Hot Coffee.

I have been watching the steady growth in coffee shops in this country over the past few years with some interest. I do like a good cup of Java and when I first came to these shores 20 years ago it was a hard thing to find. Even today you will be lucky to do better than a sachet of Nescafe Instant, a sachet of creamer and a small cup of tepid water. Why the dumb mongrels don’t put the coffee in to the cup before filling it with water beats me! At least then it would have a chance to blend properly but why am I expecting western standards of civilised behaviour from someone who has never been exposed to such?

The reality is that Filipino’s enjoy a decent cup of coffee too, although maybe more for the fact it sends a message of affluence to others rather than the taste of the brew. At P50-60 and up (my café latte grande is a P100 cup of coffee) not every Dong and Dai out there is rushing to Starbucks, although more than enough are and new stores open all the time.

As well as Starbucks, there are Bo’s Coffee Clubs, Figaro, Seattle’s Best, Moccha Blend, Gloria Jean’s, Coffee Beanery and maybe four or five other franchises to choose from if you want to go into the coffee shop business. They all follow a similar theme, started by Starbucks back in the early eighties and itself modelled on the espresso bars of Italy, relaxed, casual and expensive! I wonder if the first recorded coffee shop, “Kiva Han” in Turkey in 1421 offered a mocchalatte or a frappucino?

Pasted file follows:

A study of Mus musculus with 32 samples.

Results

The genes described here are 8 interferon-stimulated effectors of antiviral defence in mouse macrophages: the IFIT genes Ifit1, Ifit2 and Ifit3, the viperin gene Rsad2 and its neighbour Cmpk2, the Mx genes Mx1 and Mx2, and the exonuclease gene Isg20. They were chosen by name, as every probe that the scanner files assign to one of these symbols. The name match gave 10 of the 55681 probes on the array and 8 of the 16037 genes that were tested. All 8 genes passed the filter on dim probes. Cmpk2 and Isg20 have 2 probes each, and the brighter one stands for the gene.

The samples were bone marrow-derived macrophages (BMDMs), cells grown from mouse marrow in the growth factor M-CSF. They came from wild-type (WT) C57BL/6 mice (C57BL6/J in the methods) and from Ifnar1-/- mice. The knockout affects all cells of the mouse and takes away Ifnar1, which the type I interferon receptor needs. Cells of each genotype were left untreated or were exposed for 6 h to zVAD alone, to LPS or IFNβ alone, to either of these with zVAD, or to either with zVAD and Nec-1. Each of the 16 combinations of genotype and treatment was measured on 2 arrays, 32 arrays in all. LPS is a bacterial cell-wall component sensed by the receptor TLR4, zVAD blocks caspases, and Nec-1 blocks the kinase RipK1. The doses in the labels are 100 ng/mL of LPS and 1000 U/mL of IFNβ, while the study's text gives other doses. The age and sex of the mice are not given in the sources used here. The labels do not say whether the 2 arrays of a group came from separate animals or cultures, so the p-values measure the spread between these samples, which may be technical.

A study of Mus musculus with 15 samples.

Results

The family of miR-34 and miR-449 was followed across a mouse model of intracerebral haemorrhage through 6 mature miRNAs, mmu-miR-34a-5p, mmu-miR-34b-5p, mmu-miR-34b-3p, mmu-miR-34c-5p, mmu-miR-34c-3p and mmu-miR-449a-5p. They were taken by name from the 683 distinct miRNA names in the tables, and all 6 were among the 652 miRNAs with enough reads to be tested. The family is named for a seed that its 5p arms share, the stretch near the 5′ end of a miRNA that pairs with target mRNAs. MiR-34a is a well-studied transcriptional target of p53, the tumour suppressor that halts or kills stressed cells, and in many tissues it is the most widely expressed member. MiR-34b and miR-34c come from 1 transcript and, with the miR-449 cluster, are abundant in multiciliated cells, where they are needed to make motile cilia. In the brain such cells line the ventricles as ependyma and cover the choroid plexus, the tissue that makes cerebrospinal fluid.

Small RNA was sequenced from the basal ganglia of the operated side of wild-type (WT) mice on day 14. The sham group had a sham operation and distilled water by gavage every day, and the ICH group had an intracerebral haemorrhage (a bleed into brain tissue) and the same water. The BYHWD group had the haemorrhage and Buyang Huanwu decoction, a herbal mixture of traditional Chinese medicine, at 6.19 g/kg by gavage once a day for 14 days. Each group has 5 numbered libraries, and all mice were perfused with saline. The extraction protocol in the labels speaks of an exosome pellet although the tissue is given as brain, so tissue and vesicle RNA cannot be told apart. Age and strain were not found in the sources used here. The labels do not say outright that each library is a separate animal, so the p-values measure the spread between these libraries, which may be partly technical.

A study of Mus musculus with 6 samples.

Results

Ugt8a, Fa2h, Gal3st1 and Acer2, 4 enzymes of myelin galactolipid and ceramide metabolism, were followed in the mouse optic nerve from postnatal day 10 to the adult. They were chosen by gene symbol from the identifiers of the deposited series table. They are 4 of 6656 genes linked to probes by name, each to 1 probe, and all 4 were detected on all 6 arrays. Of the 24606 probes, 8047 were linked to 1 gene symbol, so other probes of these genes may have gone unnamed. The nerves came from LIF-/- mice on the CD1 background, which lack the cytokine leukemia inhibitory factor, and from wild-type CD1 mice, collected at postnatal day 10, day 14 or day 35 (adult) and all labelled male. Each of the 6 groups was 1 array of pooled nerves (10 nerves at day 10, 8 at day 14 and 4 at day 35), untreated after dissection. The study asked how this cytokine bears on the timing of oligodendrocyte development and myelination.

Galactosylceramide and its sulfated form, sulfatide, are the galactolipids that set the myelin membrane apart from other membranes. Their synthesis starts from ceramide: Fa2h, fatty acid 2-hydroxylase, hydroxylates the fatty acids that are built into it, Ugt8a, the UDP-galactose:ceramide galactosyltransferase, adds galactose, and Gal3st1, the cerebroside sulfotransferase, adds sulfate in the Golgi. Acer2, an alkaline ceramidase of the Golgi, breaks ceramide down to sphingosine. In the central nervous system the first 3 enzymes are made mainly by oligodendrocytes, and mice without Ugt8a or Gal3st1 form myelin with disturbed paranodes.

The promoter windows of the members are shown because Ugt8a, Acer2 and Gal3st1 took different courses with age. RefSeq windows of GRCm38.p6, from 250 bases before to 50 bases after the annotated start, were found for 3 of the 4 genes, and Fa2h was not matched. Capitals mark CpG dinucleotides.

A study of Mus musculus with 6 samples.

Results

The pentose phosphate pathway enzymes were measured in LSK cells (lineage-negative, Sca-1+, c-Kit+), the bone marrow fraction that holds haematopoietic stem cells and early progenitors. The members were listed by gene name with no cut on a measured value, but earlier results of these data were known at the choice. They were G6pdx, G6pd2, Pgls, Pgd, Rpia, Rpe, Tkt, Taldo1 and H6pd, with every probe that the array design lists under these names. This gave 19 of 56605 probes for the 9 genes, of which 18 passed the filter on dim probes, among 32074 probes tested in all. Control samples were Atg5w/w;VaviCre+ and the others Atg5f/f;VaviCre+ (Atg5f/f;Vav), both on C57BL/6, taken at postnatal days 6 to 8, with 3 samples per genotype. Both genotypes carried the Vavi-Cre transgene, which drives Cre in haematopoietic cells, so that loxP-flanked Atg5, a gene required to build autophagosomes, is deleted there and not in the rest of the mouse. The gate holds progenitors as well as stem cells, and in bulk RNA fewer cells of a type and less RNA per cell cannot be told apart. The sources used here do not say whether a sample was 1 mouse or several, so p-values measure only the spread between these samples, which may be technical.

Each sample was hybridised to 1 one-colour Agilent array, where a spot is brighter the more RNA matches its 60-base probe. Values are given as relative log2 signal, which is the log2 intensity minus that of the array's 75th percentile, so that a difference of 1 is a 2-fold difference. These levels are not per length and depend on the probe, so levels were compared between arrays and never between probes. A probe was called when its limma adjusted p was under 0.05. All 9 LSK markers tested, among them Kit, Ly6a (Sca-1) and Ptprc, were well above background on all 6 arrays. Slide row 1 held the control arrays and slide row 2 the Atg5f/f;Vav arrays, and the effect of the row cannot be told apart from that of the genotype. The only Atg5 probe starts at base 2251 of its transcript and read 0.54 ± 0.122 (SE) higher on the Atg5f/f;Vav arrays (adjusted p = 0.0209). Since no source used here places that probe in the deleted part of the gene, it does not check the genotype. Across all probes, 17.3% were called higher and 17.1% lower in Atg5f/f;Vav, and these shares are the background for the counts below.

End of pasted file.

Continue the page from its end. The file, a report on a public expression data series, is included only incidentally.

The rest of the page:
In upscale areas they are everywhere and growing. It really is a market niche oriented business, you need lots of A, B and C class Filipino’s willing to spend relatively big money on a drink they really don’t need to get through their day with. At least not the fancy version on offer. Of course most places actually sell more iced drinks than hot versions, although this it is so cute to see Filipino’s wearing coats and jackets and sitting in the (still steamy for me) evening sipping hot coffee and pretending it is cold this time of year.

A decent coffee shop franchise will set you back around P2 million and up. You could get away with less but more will usually be needed. The way things are going though, it looks like a way to print money only a McDonalds franchise could beat. Or a Jollibee!